Sponsored Link
Email This Post Email This Post

Etsy Extends Into the Real World with Its Own Card Reader

Etsy launched a payments card reader to let its sellers accept credit and debit card payments processed in person at offline venues such as flea markets and craft shows. It can also record cash sales. But make no mistake – this is not simply a Square or PayPal Here clone. Because the card reader is dedicated to Etsy, it presents some unique advantages that other card readers do not:

  • Electronic sales receipts (even for cash transactions) drive traffic directly to sellers’ shops on Etsy;
  • Inventory syncing helps sellers avoid inadvertently selling out of products;
  • Etsy records in-person sales in sellers’ Etsy shops, where the offline buyers can leave the seller feedback. The resulting increase in sales and feedback for the seller on Etsy can “help boost a shop’s reputation and brand in the eyes of a buyer”;
  • Accounting tasks may be made easier since funds from in-person transactions are deposited into the seller’s account alongside their online sales.

An Etsy spokesperson told EcommerceBytes the card reader was the next step in its multi-channel strategy. “We’re committed to creating a world of online and offline commerce powered by Etsy,” she said. She also revealed an interesting statistic about sellers: 35% of US-based Etsy sellers sell at craft fairs.

The Etsy card reader is free, and sellers pay 2.75% per swipe (and a higher fee for manual entry, such as phone orders). That’s compared to the 3% plus 25 cents to process a payment through Direct Checkout on the Etsy website. The lower processing rate in the offline world is due to the fact that they’re separate payment systems, according to Etsy’s spokesperson. “We felt establishing the 2.75% fee for our reader was fair, as its inline with the industry standard.”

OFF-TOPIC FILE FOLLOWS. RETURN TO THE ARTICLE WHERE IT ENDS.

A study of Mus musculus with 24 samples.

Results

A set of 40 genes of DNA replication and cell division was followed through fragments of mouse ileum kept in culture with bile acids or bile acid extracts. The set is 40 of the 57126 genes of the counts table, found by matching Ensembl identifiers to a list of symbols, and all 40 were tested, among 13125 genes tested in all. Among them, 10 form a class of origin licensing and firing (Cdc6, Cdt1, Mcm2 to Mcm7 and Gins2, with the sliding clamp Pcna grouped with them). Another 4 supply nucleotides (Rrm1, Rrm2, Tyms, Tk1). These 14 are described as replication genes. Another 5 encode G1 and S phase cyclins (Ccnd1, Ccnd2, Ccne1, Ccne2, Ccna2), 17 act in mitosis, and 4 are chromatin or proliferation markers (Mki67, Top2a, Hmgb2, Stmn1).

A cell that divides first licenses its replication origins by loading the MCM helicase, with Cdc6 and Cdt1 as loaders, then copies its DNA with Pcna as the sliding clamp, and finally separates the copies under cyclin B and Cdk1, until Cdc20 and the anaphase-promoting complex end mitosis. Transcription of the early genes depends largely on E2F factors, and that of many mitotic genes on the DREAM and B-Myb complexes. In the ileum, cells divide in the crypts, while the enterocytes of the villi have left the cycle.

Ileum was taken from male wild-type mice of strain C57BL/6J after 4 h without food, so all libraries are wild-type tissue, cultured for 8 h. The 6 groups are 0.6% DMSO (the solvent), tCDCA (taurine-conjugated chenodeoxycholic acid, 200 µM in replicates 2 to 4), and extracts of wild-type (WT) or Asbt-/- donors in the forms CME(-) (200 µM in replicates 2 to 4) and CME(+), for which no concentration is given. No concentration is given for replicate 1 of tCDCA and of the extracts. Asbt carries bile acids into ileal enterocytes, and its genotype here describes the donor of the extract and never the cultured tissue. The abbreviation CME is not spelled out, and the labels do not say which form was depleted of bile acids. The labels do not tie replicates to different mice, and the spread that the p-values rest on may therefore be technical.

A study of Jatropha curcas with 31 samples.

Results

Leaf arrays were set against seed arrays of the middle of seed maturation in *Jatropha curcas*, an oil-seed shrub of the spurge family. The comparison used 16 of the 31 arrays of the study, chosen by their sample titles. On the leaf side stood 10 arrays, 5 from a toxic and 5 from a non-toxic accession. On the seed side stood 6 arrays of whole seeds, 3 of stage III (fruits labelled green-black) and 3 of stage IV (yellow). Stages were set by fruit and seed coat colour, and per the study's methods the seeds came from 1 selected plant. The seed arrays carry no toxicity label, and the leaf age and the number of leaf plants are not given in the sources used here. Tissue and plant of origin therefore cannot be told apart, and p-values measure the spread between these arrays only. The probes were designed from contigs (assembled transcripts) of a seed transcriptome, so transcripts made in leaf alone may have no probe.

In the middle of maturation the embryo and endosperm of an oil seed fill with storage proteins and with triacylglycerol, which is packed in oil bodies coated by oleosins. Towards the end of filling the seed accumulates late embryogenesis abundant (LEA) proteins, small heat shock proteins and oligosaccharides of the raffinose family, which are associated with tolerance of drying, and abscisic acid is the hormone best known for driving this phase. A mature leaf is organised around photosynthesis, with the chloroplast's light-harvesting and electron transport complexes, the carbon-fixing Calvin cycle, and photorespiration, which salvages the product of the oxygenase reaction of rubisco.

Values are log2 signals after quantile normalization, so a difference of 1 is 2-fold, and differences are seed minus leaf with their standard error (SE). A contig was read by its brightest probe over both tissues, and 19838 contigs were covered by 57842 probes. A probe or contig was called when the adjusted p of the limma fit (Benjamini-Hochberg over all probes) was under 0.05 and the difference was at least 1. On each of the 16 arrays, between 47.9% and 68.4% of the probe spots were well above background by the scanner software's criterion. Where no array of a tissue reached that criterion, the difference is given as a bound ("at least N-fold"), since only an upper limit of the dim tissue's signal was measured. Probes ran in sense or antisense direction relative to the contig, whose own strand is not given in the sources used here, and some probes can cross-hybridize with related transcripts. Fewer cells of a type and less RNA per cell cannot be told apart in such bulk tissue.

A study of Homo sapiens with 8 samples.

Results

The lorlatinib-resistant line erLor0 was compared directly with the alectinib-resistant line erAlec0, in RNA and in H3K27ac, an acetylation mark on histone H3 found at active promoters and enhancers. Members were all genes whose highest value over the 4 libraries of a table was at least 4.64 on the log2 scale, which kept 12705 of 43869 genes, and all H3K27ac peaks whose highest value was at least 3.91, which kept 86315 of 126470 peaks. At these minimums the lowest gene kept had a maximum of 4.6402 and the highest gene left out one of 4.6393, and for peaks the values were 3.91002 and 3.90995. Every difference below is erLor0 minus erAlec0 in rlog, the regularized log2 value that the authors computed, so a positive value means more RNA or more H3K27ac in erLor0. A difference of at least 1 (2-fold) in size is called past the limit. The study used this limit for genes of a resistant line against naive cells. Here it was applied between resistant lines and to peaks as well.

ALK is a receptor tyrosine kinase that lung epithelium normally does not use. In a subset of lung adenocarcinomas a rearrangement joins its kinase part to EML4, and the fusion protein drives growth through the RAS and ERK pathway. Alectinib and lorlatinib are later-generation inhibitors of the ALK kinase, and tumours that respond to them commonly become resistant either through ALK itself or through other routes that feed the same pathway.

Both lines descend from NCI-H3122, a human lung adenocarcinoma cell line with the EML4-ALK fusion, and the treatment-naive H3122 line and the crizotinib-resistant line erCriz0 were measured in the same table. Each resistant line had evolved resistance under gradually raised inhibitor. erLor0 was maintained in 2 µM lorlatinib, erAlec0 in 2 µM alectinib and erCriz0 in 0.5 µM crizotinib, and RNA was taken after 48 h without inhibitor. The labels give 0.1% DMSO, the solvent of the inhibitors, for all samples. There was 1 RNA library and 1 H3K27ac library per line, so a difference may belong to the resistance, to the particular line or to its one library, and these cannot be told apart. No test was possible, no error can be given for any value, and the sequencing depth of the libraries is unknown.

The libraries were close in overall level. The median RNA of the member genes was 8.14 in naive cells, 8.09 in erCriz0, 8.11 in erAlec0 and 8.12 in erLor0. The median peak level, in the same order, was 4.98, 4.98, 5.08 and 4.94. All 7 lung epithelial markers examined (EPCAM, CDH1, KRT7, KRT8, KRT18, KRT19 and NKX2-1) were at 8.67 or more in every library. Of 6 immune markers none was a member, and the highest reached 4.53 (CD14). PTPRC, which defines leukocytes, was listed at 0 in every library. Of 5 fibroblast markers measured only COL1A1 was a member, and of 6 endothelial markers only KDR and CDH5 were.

In addition, since the seller is generating the sale off of Etsy, they don’t pay the regular 3.5% Etsy commission fee.

Initial reaction from sellers was very positive. “No more deactivating listings before the shows in fear of selling twice the same item on the same time … my guess also is it will make taxes preparation much easier having most of the sales registered here,” wrote one seller. “It will also spread the word about Etsy to new customers.”

One snag for some, however, was regarding Internet connectivity. At some shows, Internet access is sporadic – “at the last show I did internet connectivity was in and out all day so accepting offline is important at some shows,” explained one seller. In response to questions, an Etsy moderator explained:

“You must be online to authorize a credit card, which means you need to have an internet connection at the moment that you swipe the card. After that point, however, it’s OK if your connection is lost; the app will take care of the sale and receipt as soon as you come back online. You can also make cash sales while completely offline.”

Etsy partnered with mobile Point of Sale company ROAM, based in Boston, to provide the card reader.

Etsy sellers must be based in the U.S. and enrolled in Direct Checkout to order a card reader, and they must download or update the Sell on Etsy app for their iOS or Android device.

Etsy set up a help section and has been answering sellers’ questions on this discussion thread.

Comment on the AuctionBytes Blog.

Ina Steiner on EmailIna Steiner on LinkedinIna Steiner on Twitter
Ina Steiner
Ina Steiner
Ina Steiner is co-founder and Editor of EcommerceBytes and has been reporting on ecommerce since 1999. She's a widely cited authority on marketplace selling and is author of "Turn eBay Data Into Dollars" (McGraw-Hill 2006). Her blog was featured in the book, "Blogging Heroes" (Wiley 2008). She is a member of the Online News Association (Sep 2005 - present) and Investigative Reporters and Editors (Mar 2006 - present). Follow her on Twitter at @ecommercebytes and send news tips to ina@ecommercebytes.com. See disclosure at EcommerceBytes.com/disclosure/.